The Cheapest Gift

Vayechi (Genesis 47:28-50:26)


A hopelessly lost young father stands in Toys ‘R’ Us, looking at aisle after aisle of toys and games, hundreds if not thousands to choose from. What in the world should I buy for my child, he wonders? Why do birthday presents have to be so difficult to pick out? I just want something simple that my kid might actually like and use, just a little something to show that I am thinking about him and that I care about him.

Before he dies, Yaakov gathers his twelve sons together, and one by one, leaves each of them with a final message. To his son Yehudah, Yaakov concludes his message with a blessing that appears on the surface to be nothing more than a promise of bounty and plenty in his portion of the Land of Israel: ‘ul’ven shinayim mei’chalav - and white toothed from milk’ (Genesis 49:12).

Rabbi Yochanan (Talmud, Kesuvos 111b), however, expounds from this phrase a lesson far more profound.

Do not pronounce ‘ul’ven shinayim – white toothed,’ but ‘v’libon shinayim - whiten your teeth.’ A person who displays the whites of his teeth to his friend is better than the one who gives him milk to drink.”

To whiten your teeth to your friend is to smile at him. As you show him the whites of your teeth, your smile, you show him your love; you show him you care. You show him that he’s valuable to you.

And that smile is more valuable to him than an ice cold glass of milk.

Milk? Is that the best the Talmud can come up with?

If you think about it, milk, in its mommy-produced form, is nothing less than a wonder food. For the newborn baby, there is absolutely nothing else it needs to survive. All of its physical needs, its nourishment, nutrients, vitamins, antibodies – it’s all contained in its mother’s milk. Even in today’s scientifically advanced day and age, the leading infant-formulas can only boast of being “the closest thing to a mother’s milk.” This simple drink is nothing short of life-sustaining.

As we grow older, in addition to our physical needs, we develop other emotional needs. We yearn to feel important, to feel valued and appreciated, and to feel like we belong. Milk cannot provide for these needs. But a smile can. And, as the Talmud declares, the smile that we provide to our friend is as powerful, if not greater than, life sustaining milk. A smile provides security, the feeling of being valued, of being cared for. The whites of our teeth simply yet unequivocally proclaim, “I am glad that you exist!”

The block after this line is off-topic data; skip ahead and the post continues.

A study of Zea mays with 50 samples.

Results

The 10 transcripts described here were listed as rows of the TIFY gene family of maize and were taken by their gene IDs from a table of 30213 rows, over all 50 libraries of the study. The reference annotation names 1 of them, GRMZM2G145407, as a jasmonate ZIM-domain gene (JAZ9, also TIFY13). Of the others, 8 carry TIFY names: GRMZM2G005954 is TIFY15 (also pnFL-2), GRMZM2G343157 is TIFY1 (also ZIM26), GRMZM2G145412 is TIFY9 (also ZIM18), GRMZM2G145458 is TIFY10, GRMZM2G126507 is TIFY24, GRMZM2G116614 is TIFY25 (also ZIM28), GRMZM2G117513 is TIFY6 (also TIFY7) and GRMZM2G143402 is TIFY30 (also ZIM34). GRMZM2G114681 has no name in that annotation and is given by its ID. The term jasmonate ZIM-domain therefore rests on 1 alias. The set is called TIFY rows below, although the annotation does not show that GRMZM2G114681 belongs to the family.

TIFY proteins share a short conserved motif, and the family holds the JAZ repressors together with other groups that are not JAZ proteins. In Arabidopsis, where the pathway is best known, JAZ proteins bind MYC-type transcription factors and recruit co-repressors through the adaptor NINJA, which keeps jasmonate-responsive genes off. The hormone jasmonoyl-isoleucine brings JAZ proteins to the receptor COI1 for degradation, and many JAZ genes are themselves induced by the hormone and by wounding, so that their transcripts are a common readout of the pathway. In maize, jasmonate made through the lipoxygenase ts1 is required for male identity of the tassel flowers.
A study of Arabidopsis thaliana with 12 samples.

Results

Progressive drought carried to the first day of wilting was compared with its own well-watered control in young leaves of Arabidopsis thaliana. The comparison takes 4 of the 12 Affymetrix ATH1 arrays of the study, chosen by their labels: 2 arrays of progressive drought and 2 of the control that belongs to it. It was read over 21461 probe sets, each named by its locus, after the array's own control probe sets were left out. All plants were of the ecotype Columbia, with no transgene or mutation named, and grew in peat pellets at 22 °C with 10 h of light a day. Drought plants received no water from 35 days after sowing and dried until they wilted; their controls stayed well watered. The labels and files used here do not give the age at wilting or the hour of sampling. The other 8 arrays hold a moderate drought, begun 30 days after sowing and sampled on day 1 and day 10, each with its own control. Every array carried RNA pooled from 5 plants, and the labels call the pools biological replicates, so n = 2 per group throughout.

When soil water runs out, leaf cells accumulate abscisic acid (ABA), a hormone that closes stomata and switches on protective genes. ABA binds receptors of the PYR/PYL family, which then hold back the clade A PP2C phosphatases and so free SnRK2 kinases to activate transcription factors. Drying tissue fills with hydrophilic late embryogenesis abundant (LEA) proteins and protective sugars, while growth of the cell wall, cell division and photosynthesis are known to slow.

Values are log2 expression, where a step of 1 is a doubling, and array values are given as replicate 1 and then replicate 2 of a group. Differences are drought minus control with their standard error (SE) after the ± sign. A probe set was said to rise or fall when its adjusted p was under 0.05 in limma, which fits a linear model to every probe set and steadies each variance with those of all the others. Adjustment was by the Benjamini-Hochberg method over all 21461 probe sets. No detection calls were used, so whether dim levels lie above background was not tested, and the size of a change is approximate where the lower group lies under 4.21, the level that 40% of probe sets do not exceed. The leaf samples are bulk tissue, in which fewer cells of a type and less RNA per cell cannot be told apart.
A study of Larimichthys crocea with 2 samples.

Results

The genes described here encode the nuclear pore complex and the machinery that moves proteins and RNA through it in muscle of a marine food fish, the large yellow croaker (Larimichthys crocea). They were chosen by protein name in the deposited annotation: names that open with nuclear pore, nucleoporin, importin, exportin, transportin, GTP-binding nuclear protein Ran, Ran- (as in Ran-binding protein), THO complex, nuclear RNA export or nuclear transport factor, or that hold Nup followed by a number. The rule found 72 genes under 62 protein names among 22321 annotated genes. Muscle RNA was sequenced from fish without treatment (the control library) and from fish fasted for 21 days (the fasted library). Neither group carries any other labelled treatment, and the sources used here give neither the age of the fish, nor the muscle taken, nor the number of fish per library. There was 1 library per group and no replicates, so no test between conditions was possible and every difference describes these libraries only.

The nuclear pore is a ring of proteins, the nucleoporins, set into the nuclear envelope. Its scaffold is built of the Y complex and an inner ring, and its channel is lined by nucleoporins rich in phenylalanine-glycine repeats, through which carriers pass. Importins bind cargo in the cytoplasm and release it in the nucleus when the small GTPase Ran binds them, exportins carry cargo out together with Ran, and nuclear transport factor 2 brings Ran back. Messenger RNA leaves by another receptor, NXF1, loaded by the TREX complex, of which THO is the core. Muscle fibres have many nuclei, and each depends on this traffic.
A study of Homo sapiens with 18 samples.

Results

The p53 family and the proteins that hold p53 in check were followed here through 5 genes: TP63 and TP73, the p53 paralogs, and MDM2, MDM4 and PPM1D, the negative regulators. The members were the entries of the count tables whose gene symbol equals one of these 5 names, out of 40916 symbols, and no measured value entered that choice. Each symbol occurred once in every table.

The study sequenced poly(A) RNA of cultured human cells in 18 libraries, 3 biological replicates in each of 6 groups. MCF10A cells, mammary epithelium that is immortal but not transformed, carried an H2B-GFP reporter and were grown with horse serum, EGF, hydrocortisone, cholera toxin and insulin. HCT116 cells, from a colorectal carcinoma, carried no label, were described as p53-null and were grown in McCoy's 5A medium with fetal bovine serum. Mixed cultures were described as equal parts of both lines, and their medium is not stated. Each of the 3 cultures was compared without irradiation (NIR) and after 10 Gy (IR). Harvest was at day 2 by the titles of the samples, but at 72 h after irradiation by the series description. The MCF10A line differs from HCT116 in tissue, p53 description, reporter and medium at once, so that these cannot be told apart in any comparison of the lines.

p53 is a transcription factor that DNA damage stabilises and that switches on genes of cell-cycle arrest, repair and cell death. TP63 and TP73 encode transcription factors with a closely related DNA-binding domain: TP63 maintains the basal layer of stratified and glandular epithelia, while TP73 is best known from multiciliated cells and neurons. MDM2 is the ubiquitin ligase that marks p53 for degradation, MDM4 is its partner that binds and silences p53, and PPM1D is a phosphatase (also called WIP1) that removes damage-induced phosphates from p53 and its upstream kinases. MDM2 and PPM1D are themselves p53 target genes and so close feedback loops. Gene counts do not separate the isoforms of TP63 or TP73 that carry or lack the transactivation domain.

Our children need our smile more than anything else in the world that we can give them. They need to see that we’re excited to see them, that we’re happy they’re around, that we love the fact that they’re a part of our family.

It’s sad to think that our own children might actually receive that smile from us less than everyone else does. We have a certain smile that’s reserved for when we see a friend that we haven’t seen in a long time. We’re so excited to see them; we smile a great big joyful smile that announces, “I’m so happy that you’re here!”

But our children (and our spouse), who we see all the time, don’t receive that smile when we see them for the first time in the morning. We have lunches to make, carpools to run, homework to sign (and coffee still to drink), and we sometimes forget about the simple comforting smile that warms our kids to their cores: “Good morning! It’s so nice to see you today. I’m just happy that you’re mine.”

Hashem created human beings with a default facial expression that is generally apathetic at best, sometimes even a frown. It’s simply the way that our faces appear to the outside world before any energy is invested into them. It takes effort to move our muscles into a smile. You have to want to smile. You have to choose to smile. This is precisely why it’s so valuable when we receive that smile. And we all know what it’s like to be on the receiving end of a real, genuine, great big heartfelt smile. There is nothing like it.

Give your children the greatest gift. Just smile at them. Let them know beyond a shadow of a doubt how excited you are that they are yours. They will take that feeling with them for the rest of their lives. As the milk they nursed sustained them as infants, our smiles will continue to nourish and sustain them with the emotional joy and security of knowing how much their parents love them.

And it won’t even cost you a cent at Toys ‘R’ Us!

Have a great Shabbos.

Comments (1)

(1) Lisa, December 30, 2012 12:08 PM

It's all in the Torah

It's amazing how thousands of years ago the Torah/Gemora has to remind us to do the seemingly most easiest task.... To just smile!! In our harried world , we actually do need a reminder!